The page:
Page last updated at 09:10 GMT, Monday, 16 March 2009

Wrecks aid in rebuild of bomber

Wreckage of an Armstrong Whitworth Whitley bomber in Caithness
Wreckage remains today of the 1940 Caithness crash

Wreckage found in Scotland has helped a team in its efforts to rebuild a type of aircraft that dropped the RAF's first bombs of World War II on Germany.

The Whitley Project is trying to reconstruct an Armstrong Whitworth Whitley bomber for museum display.

Remote Scottish crash sites were among those visited by the team.

The project's Dr Elliott Smock, who in 2000 tried to find crashed Japanese aircraft in Asia, said the initiative was at the stage of building the plane.

Parts of wreckage retrieved with the RAF's permission from crash sites in Scotland and Wales are being stored in a barn in Norfolk.

When war broke out it was one of the few aircraft the RAF could fly to take the war to Germany
Dr Elliott Smock

New parts based on original components are also being made.

London-based Dr Smock said no Whitworth Whitley's remain in existence and hoped that, once completed, the reconstructed bomber would fill a gap in the fleet of historical aircraft that survive today.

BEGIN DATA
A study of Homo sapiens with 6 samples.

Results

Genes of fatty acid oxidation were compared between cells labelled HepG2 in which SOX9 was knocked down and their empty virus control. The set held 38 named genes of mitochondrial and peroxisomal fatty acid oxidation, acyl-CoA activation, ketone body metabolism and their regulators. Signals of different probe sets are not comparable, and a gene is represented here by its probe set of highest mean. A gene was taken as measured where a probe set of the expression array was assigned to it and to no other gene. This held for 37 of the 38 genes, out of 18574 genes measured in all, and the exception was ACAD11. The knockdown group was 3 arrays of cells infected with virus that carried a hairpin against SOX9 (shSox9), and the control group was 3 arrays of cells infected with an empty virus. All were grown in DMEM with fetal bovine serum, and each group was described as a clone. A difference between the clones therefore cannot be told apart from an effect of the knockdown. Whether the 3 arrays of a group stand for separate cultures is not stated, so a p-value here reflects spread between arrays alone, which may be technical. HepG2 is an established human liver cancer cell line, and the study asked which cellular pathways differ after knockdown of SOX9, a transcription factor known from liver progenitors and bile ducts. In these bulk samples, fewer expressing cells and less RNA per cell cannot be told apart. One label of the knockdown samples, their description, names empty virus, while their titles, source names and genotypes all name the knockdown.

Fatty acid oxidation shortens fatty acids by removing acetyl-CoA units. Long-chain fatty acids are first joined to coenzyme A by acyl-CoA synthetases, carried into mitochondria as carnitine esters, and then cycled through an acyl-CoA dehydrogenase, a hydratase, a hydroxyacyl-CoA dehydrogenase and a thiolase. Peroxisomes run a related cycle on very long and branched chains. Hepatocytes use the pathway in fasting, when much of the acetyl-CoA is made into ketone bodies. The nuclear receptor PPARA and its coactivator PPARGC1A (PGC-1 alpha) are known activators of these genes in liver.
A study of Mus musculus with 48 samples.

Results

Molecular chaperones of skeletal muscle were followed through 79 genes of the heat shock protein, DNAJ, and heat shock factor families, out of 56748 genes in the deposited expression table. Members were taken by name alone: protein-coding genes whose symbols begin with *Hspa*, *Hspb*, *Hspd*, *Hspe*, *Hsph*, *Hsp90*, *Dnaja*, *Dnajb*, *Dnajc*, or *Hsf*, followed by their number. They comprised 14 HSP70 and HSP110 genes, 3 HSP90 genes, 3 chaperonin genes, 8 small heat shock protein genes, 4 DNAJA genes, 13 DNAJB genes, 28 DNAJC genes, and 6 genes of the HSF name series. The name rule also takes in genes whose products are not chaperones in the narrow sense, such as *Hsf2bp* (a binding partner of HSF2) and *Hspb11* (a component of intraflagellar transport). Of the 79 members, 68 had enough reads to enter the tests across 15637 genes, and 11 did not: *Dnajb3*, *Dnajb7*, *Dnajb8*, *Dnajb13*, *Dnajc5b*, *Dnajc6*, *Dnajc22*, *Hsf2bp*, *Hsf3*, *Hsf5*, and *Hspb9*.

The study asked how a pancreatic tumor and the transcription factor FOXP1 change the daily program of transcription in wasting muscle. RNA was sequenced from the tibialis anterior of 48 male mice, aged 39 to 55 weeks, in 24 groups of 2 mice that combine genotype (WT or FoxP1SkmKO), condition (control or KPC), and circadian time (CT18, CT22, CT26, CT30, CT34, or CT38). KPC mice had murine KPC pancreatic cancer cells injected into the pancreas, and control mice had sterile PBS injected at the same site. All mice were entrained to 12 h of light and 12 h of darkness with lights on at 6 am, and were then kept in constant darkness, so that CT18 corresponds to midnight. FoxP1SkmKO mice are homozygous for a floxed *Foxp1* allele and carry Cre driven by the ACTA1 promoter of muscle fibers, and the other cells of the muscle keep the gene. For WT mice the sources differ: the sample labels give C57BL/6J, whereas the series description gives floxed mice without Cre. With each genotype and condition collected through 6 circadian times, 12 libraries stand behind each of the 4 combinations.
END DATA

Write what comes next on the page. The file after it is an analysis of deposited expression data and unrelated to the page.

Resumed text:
He said: "The Whitley was a generation of aircraft that came along before the Lancaster.

"When war broke out it was one of the few aircraft the RAF could fly to take the war to Germany."

Dr Elliot turned his attention to finding the locations of crashed Whitleys after going in search of downed Japanese war planes in the Pacific when he was a medical student.

From trekking through jungle in Papua New Guinea, he walked to hill and mountain tops in Wales and Scotland to inspect the remains of the Coventry-built heavy bombers.

Sites in Scotland include Glen Carron in Wester Ross, East Scaraben in Caithness and Glen Esk in Angus.

Not much now remains of the aircraft in Caithness which was part of 612 Squadron of Coastal Command. It crashed on 1 May 1941.

Lancaster bomber and a Spitfire
Lancasters, one pictured here with a Spitfire, replaced Whitleys

A section of front turret outer ring was found providing what Dr Smock said was "excellent information" on how the aircraft was put together.

Large sections - such as the engines - were thought to have been removed after the crash and other items later taken by souvenir hunters.

The crash site is among those catalogued in Highland Council's Historic Environment Record.

A Whitley that crashed in Glen Carron was returning from a raid on the German city of Cologne on 26 February 1941, while the Glen Esk aircraft was lost on the night of 26 May 1944 after it flew out from RAF Kinloss in Moray.

Later in the war, Whitleys were used in patrols against submarines but also for training purposes and towing gliders.